By Seibik Bugri
The Executive Director, African Center for Energy Policy (ACEP), Dr Mohammed Amin Adam has advised students reading Political Economy of University of Cape Coast (UCC) to read wide beyond what they have been taught to broaden their horizon to make them more knowledgeable, competitive and versatile on a wide range of issues.
These, he explained will make them think broadly, focused on policy and not politics to assist in fashioning out solutions to the numerous challenges facing African countries he added.
Dr Adam made the call when students from the Sociology Department of UCC paid a study tour of ACEP in Accra as part of their academic activities. Opening day?s forum, he stated that ACEP is a ? Do and Think Tank? Center as it does advocacy in addition to research, training to both public and private officials as well as offering advise on wide range of issues in the oil and gas sector across the Continent.
Africa Power Challenge: the Paradox of Plenty
Addressing the youth, Dr Adam revealed that Africa was a dark continent because of huge infrastructure deficit according to figures from the World Bank despite its abandon energy potential. He noted, how wide disparity between access to energy by urban dwellers and rural consumers in many African countries even when the energy is available. Official figures show that 70% of Ghanaians have access to electricity even in the face of the power crisis. Further, Nigeria gets power cut every 15 minutes; Tanzania and neighboring Ivory Coast all have had difficulties with power availability to their people. In the face of this, the alumnus of UCC suggested that the solution lies in a unified approach rather than individual initiatives. Huge water bodies are available but African Countries cannot make good use them for hydro.
Africa has the largest fossil energy potential and yet it has the least energy compared to Spain a country in Europe. The potential of Hydro power is about 92% untapped and yet Africa is in the dark just as renewal energy has a huge potential as well he added. Energy demand is set to rise heavily as many factories will be opened and population will be growing. Also urbanization will accelerate by 2030 and that demands power.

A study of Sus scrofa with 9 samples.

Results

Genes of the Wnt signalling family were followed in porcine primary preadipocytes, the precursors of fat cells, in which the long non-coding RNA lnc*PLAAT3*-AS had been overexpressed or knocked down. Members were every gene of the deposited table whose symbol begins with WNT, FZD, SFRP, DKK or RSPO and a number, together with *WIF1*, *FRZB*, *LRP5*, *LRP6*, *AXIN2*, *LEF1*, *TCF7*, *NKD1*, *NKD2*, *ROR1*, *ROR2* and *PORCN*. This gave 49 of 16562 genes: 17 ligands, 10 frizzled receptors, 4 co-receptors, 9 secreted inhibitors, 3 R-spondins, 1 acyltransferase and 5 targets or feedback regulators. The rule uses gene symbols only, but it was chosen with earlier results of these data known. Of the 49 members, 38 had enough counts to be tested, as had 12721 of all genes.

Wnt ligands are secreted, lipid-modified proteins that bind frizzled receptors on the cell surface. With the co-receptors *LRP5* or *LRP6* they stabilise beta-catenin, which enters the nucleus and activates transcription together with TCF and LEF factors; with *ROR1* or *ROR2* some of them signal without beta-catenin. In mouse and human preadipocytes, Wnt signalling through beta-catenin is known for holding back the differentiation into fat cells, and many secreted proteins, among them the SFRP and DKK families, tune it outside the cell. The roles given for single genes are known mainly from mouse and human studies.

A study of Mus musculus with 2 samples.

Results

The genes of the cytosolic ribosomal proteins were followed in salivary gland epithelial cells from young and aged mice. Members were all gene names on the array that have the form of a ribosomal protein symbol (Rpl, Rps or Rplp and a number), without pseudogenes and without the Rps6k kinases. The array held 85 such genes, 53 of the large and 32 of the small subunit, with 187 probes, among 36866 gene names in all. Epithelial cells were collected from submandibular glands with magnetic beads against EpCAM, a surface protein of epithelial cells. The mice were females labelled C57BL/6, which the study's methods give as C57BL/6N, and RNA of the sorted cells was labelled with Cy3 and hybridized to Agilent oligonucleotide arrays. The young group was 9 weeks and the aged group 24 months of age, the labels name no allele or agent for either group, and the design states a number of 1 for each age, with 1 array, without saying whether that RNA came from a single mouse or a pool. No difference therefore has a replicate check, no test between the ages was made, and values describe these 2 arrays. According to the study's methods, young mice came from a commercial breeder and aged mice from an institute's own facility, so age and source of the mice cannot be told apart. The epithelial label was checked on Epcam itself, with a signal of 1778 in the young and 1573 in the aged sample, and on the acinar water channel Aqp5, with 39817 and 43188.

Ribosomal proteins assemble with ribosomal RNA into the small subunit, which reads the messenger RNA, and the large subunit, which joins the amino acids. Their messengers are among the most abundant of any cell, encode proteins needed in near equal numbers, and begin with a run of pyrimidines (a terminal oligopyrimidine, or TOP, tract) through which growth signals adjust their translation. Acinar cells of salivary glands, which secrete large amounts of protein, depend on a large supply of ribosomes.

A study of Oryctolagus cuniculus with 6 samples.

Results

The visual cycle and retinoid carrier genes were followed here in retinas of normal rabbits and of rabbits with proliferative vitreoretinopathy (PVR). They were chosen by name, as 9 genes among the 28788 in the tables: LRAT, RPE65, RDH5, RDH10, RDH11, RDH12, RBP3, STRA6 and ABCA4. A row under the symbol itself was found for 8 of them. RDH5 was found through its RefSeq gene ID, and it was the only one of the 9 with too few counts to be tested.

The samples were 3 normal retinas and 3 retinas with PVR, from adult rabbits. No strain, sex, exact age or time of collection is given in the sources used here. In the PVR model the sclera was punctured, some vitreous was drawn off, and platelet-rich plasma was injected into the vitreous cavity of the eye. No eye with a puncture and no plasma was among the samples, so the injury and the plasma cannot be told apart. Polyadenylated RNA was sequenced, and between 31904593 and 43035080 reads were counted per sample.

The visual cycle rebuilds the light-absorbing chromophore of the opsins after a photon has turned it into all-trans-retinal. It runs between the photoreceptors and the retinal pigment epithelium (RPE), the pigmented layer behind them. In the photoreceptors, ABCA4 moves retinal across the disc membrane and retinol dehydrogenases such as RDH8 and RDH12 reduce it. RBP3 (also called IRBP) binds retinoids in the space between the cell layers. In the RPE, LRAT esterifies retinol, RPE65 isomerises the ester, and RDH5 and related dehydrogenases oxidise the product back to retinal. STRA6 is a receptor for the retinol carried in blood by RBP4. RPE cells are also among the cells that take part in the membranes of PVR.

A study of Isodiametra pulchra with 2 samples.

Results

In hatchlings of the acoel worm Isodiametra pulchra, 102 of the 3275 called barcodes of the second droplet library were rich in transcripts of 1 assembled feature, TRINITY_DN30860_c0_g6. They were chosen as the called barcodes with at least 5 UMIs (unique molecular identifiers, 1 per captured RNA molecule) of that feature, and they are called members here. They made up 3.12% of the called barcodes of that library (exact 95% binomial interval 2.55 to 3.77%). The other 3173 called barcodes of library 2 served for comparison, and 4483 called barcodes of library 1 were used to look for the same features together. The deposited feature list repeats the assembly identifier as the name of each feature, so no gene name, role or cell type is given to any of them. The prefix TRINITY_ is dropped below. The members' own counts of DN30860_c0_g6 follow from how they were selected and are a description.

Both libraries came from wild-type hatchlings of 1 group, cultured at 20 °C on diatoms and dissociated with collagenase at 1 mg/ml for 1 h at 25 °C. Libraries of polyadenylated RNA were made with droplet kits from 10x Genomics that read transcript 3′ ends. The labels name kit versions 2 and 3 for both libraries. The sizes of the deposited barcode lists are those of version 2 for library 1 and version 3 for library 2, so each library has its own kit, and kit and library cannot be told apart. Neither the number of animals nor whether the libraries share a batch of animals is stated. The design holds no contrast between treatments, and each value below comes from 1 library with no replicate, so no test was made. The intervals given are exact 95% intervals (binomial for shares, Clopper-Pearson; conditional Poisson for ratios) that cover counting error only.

Educating the level 300 and 400 students, Dr Adam said Africa is not able to attract the needed private capital because the sector is still unattractive. Countries lack capacity to plan, lack private capital well as lacking the political will to deal with the realities on the ground. Building a competitive market to accelerate a sub-regional power pool instead of individual countries seeking to solve their problems should be best solutions the investment challenge and private capital flow into the sector.
Taking his turn, the Director of Operations, Ben Boakye, took them through some basic topics of the industry. Its history, concepts of energy, Policy issues, exploratory and regulatory issues and the Oil management bill. They were also taken through the evolution of Ghana?s laws in the sector and the need to make reforms to enable the country get maximum benefit from the sector. He urged them to show active interest in the sector especially how revenues from the sector is being utilized.
Head of Policy Unit, Dr Ishmeal Ackah told the gathering that one of the major causes of the current power crisis in Ghana is the low water level in the Akosombo Dam. He disclosed that if government does not take a decisive decision regarding the Electricity Company of Ghana (ECG) it will soon grand to a halt. Ghana needs $ 4 billion dollars in the next10 years to fix the energy crisis which is plagued with inefficiencies, old and outdated equipments etc suggesting that management should be on contracts. He said the unrealistic tariffs regime is inhibiting private capital.
Responding, the leader of the students, John Windie Ansah of the Sociology Department, UCC noted the usefulness of the trip was to give them the practical lessons needed as part of the training of the students.